Guarding the Forest
Step by Step, OFI Forest Rangers
Keep Orangutans Safe
Mr. Dimun at the OFI Care Center.
For more than a decade, Mr. Dimun has measured time by the hundreds of miles he has walked along remote forest trails in pursuit of an important conservation mission. At 30-years-old, he has shouldered a heavy burden since joining OFI's staff in 2000, helping to protect and defend more than one million acres of ancient orangutan habitat against the onslaught of modern-day 'progress' in order to save orangutans from extinction.
Much of Mr. Dimun's time over the past twelve years has been spent deep within Tanjung Puting National Park (TPNP). TPNP is one of the two largest habitats for wild orangutan populations left in the world. Proclaimed a Biosphere Reserve by UNESCO in 1981, TPNP was granted National Park status in 1982. Tanjung Puting represents the last remaining self-sustaining coastal peat swamp ecosystem in the region. It provides the opportunity for many wildlife species to thrive and coexist, among them 18 Vulnerable Species and 10 Critical and Endangered Species, including 6,000 endangered Bornean orangutans.
Yet despite its status as a protected national park, TPNP's wildlife face new dangers every day. Corporations are rapidly destroying rain forests to create palm oil plantations, and OFI expects tens of thousands of acres of new palm oil concessions to be granted next to and even within the embedded villages of the Park. This means more human-orangutan conflicts, including incursions, fires, and poaching activity by plantation workers and the men plantations employ as 'pest-killers' -- orangutans often considered one of those pests.
The cruel and illegal pet trade industry is thriving, too. Illegal roadways built in and around the Park by loggers and miners, and as a result of palm oil encroachment, increase the risk of illegal animal trafficking by providing access into remote habitat areas where orangutans can be easily poached. Strip mining for gold, zircon, and sand is on the increase around the borders of the Park. Without constant vigilance, mining operations will enter the park in a matter of days.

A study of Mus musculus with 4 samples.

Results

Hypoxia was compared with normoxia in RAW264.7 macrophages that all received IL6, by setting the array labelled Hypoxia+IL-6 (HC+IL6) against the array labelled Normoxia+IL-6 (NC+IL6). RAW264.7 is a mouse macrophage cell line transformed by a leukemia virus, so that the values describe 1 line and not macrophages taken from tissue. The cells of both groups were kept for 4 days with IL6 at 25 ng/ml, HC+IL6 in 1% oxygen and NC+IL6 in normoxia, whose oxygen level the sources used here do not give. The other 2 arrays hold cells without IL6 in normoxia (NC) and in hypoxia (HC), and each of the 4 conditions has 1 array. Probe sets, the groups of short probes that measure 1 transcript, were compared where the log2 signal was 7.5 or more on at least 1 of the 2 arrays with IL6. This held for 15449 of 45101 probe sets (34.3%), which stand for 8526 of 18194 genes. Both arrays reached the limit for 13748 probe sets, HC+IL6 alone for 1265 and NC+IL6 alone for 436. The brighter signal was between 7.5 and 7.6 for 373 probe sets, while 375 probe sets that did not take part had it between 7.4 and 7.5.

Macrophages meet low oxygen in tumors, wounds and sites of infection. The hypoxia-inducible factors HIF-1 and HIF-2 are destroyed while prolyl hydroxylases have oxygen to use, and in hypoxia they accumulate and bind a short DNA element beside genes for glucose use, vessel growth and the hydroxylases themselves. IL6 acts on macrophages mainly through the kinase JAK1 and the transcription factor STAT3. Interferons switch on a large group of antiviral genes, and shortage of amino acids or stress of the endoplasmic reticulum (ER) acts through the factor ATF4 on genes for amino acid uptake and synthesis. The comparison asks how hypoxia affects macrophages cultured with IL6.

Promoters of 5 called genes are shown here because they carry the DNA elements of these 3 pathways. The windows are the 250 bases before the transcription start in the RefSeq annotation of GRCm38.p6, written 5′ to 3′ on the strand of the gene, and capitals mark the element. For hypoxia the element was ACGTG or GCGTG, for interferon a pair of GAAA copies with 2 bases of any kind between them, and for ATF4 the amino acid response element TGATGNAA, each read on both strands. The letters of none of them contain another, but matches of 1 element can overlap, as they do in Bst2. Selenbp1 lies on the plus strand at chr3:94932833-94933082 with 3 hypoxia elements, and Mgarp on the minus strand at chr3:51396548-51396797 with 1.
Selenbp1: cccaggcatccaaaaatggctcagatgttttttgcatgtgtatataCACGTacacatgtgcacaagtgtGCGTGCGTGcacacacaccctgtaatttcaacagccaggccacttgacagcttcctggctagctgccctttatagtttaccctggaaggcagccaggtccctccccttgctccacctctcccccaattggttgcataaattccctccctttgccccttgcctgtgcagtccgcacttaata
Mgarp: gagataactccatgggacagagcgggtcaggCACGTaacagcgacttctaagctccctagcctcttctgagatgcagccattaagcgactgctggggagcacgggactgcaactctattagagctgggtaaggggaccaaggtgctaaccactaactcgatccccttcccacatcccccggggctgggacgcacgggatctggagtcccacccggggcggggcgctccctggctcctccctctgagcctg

But despite these odds, the vast, ancient forests of TPNP are still largely intact, in part because of Mr. Dimun and a team of OFI forest rangers who, every day, detect, deter, thwart and halt illegal intruders. When 18-year-old Dimun first came to work for OFI twelve years ago, he didn't know he would one day be part of such a heroic mission. Fresh out of high school, he was simply looking for a job. Initially, he was placed as an orangutan caregiver at OFI's Orangutan Care Center in Pasir Panjang. In those formative years, he learned to understand the psychology and behavior of our great ape relatives.
In 2003, Mr. Dimun became an OFI forest ranger at Camp Simpang Kecil in TPNP. The job of a ranger runs on a rigorous schedule over difficult jungle terrain. After morning camp duties, Mr. Dimun and his partner would embark on hours-long walking patrols of their assigned territory, checking for signs of illicit activity, documenting forest and wildlife crimes, and helping to shut down illegal operations. In Camp Sungai Baung Dimon helped train less experienced rangers in their mapping duties. Relocation in 2006 took Mr. Dimun to Sungai Buluh Sekonyer where he helped fight the catastrophic peat fires set by illegal loggers that burned 60,000 hectares (148,200 acres) of primary rainforest.
Not all of the many years spent in the forest involved chasing 'the bad guys.' On his daily patrols, Mr. Dimun monitored the ecology of the forest, counting deer, pigs, snakes, frogs, birds, wild cats and, of course, orangutans. Despite the hard physical work, his favorite part of the job was walking through
OFI staff monitor the forest.
the forest and watching wild orangutans. He is happy to see them living free, building nests, foraging for food, and raising their young.
Today, Mr. Dimun is raising a family of his own, and once again caring for orangutans closer to home at OFI's Care Center. He is proud of his past accomplishments. In twelve years, nine camps, hundreds of miles, thousands of footsteps, and countless forest encounters--both good and bad--Mr. Dimun has helped to safeguard a valuable piece of our world.
OFI's dedicated team of forest rangers and their associates continue to protect Tanjung Puting National Park today, along with thousands of acres within the Rawa Kuno Legacy Forest, Pasir Panjung Village Forest, and other privately-stewarded forests throughout the region, keeping orangutans and other wildlife out of harm's way. Your continued support makes their job possible.